Khmer cuisine (Khmer: សិល្បៈខាងធ្វើម្ហូបខ្មែរ) is another name for the food widely consumed in Cambodia. The food of Cambodia includes tropical fruits, rice, noodles, drinks, dessert and various soups.
The staple food for Cambodians is rice. Almost every meal includes a bowl of rice, although noodles are also popular. A wide range of curries, soups and stir fries are served with rice. Many rice varieties are available in Cambodia, including aromatic rice and glutinous or sticky rice. The latter is more commonly found in desserts with fruits like durian.
Khmer Cuisine shares much in common with the food of neighbouring Thailand, although it is generally not as spicy; and Vietnam, with whom it shares many common dishes and a colonial history, both being part of the French colonial empire in Southeast Asia. It has also drawn upon influences from the cuisines of China and France, both of whom are powerful players in Cambodian history. Curry dishes, known as kari (in Khmer, ការី) show a trace of cultural influence from India. The many variations of rice noodles show the influences from Chinese cuisine. Preserved lemons are another unusual ingredient not commonly found in the cooking of Cambodia’s neighbours, which is used in some Khmer dishes. Coconut milk is the main ingredient of many Khmer curries and desserts.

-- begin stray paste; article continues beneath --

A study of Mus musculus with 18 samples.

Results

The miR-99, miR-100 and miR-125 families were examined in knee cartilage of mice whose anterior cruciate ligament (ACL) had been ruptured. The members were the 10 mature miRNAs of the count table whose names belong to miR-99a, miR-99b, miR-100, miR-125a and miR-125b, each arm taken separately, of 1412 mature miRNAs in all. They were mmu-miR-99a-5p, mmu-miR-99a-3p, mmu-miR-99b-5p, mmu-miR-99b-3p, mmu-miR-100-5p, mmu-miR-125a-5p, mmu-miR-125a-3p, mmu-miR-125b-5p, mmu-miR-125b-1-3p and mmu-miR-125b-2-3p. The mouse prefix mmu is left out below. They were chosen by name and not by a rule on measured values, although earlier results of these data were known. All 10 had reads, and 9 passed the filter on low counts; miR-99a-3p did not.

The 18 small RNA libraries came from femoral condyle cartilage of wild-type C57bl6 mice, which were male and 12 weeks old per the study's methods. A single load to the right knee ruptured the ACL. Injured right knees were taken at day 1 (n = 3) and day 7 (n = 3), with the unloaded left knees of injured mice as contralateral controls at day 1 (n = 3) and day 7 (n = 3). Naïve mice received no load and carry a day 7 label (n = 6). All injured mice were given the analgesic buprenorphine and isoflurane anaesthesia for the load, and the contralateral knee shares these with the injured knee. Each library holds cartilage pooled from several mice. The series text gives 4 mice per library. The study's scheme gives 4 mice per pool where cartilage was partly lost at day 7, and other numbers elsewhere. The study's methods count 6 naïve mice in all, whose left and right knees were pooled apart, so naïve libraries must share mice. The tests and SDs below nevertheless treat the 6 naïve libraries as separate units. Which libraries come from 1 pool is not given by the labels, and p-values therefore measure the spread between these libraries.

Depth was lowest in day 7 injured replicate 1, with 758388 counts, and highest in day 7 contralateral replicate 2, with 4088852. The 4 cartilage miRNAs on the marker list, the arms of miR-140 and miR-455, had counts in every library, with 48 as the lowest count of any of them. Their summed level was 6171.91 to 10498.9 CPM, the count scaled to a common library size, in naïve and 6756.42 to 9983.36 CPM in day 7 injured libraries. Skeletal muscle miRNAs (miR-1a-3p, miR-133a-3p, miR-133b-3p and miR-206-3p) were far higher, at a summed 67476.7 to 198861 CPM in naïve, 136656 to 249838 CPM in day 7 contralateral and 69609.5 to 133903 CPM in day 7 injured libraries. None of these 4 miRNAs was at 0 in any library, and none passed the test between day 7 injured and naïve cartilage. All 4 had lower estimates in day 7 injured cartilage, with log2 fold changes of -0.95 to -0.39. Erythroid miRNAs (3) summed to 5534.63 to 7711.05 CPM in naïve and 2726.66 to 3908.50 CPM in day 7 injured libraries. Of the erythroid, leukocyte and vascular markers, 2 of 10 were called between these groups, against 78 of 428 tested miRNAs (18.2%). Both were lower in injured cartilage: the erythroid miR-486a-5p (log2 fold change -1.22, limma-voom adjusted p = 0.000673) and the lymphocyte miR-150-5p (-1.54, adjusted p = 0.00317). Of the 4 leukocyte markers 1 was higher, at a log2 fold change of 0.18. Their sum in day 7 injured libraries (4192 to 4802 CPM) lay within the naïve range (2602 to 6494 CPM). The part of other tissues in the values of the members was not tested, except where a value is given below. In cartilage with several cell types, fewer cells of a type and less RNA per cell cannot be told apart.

A legacy of the French is the baguette, which the Cambodians often eat with pâté, tinned sardines or eggs. One of these with a cup of strong coffee, sweetened with condensed milk, is an example of a common Cambodian breakfast.
Typically, Cambodians eat their meals with at least three or four separate dishes. A meal will usually include a soup, or samlor, served alongside the main courses. Each individual dish will be either sweet, sour, salty or bitter. Chili is served on the side, and left up to individual diners and to their taste. In this way Cambodians ensure that they get a bit of every flavor to satisfy their palates.
Several cooking courses are now run in popular tourist areas, giving visitors the chance to share the culinary secret of the Khmers.